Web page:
Triathlon 2013: Get a Smarter Training Start
Bike position, carb science, strategy and more: Five new tips from top tri coaches.
What is your 2013 triathlon training plan missing? Could be these secrets that your tri coach learned at the latest Art and Science of Triathlon conference in San Diego in October. Don’t go into race season without them.
1. Before you spend big bucks on your bike, spend time on your position. Gear gets faster every year. But do you? “If your head and your body are up, it doesn’t matter how aerodynamic your wheels are,” says Robbie Ventura, former pro cyclist and founder and owner of Vision Quest Coaching, with branches in Illinois and Florida. Get the biggest bang out of good equipment by getting a good bike fit and learning to ride efficiently. And don’t make the simple mistake of junking up your bike with too many gels taped to the top tube and too much extra water. “Keep the bike as aerodynamic as the manufacturer intended,” says Ventura.
2. Change your position on the bike. Repeatedly. “You can’t have one position that you stay in for the whole race,” says Ventura. “You need to change your position as your speed changes.”
If you’re reluctant to get really low on the bike on a flat road because you see your power go down a bit with the position change, consider what you’re saving in drag. If you’re giving up 10 watts of power to save 30 watts of drag, “the juice is worth the squeeze,” Ventura says. Don’t just get married to a certain wattage; consider its benefits and costs over various types of terrain.
3. The cost of a hard bike might be worth it. Ventura advocates testing whether pushing hard on the bike really will deteriorate your run on shorter courses. You might be 30 seconds slower on the run if you put out more on the bike, but that push on two wheels might get you a lot farther ahead on the clock.
“Try riding a familiar course at 100% of your threshold and then running a 10K. On another day, ride the same course at 85% of your threshold and run the 10K. You might lose a little time on the run, but I think the net gain is worth it,” he says. “Don't just trust me on this. Try it yourself.”
4. Combine carbs. When you’re just taking in glucose, you can only digest about 60 grams per hour, says sports nutritionist Monique Ryan, MS, RD, author of Sports Nutrition for Endurance Athletes. But a combination of glucose and fructose or glucose and sucrose can increase absorption and you can get in more than 75 grams per hour. “Glucose and fructose use different transporters to get across the small intestine. Combining them is like sharing a cab to the airport—you get more across at the same time.” The bonus: One study found an 8% improvement in time trial performance with a combination product than with a glucose-only formula. Of course, that’s the research—you need to test what works for your individual G.I. system.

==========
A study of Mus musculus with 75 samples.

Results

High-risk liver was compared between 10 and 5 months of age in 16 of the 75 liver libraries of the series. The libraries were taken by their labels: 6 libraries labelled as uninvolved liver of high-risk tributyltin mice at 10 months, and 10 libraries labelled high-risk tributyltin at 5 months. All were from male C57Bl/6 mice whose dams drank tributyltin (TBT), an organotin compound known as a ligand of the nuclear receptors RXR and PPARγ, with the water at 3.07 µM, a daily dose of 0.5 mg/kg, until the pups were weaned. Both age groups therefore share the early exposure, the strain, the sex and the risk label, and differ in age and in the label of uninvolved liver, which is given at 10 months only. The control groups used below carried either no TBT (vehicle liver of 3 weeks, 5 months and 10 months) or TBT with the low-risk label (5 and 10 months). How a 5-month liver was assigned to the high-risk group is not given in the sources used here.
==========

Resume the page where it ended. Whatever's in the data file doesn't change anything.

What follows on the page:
5. Stay open. “If you are doing what everyone did last year, you’re going to be two years behind,” says Melissa Mantak, owner of The Empowered Athlete and coach to Team USA in select ITU World Cup and ITU World Triathlon Series races. She doesn’t advocate trying crazy, unproven techniques but does warn against rut-creating routines or blindly copying what certain pros do. Swim expert Genadijus Sokolovas, USA Swimming’s former Director of Physiology & Director of Sport Science, agrees: “Michael Phelps’ advantage is in the beginning of his stroke. Lots of people watch videos and mimic him, but they mimic the worst part of his stroke.”
Of course, not everything about your training has to be new. Stay smart and speedy with these three time-tested tips:
Swim with your body, not your arms. Speed in the water isn’t about your arms, it’s about how efficiently you swim without them, says Sokolovas. “Fish don’t have arms. Either things in the ocean that had arms moved to land or they got eaten by things without arms,” he says. The point is that the body has more muscles than your arms do, and you should use it to generate your power. Then, let your arms move that power forward. One way to practice powering with your body: Place your arms at your sides and power yourself down the lane just by rotating your hips and kicking.
Pay attention to the dashboard lights. “Running through pain is like driving with the ‘check engine’ on,” says Brad Carlson, the Muscle Activation Specialist for U.S. Olympic Triathlon team member Hunter Kemper and other elite triathletes. Eventually, things are going to grind to a halt. Just don’t go there.
Remember that whatever you’re dealing with will pass. “If you feel bad during a race or your training, it will pass…and if you feel great? That will pass, too” says Dara Wittenberg, M.S., owner of TriCoachDara, a multisport training company for athletes of all levels. Pace accordingly.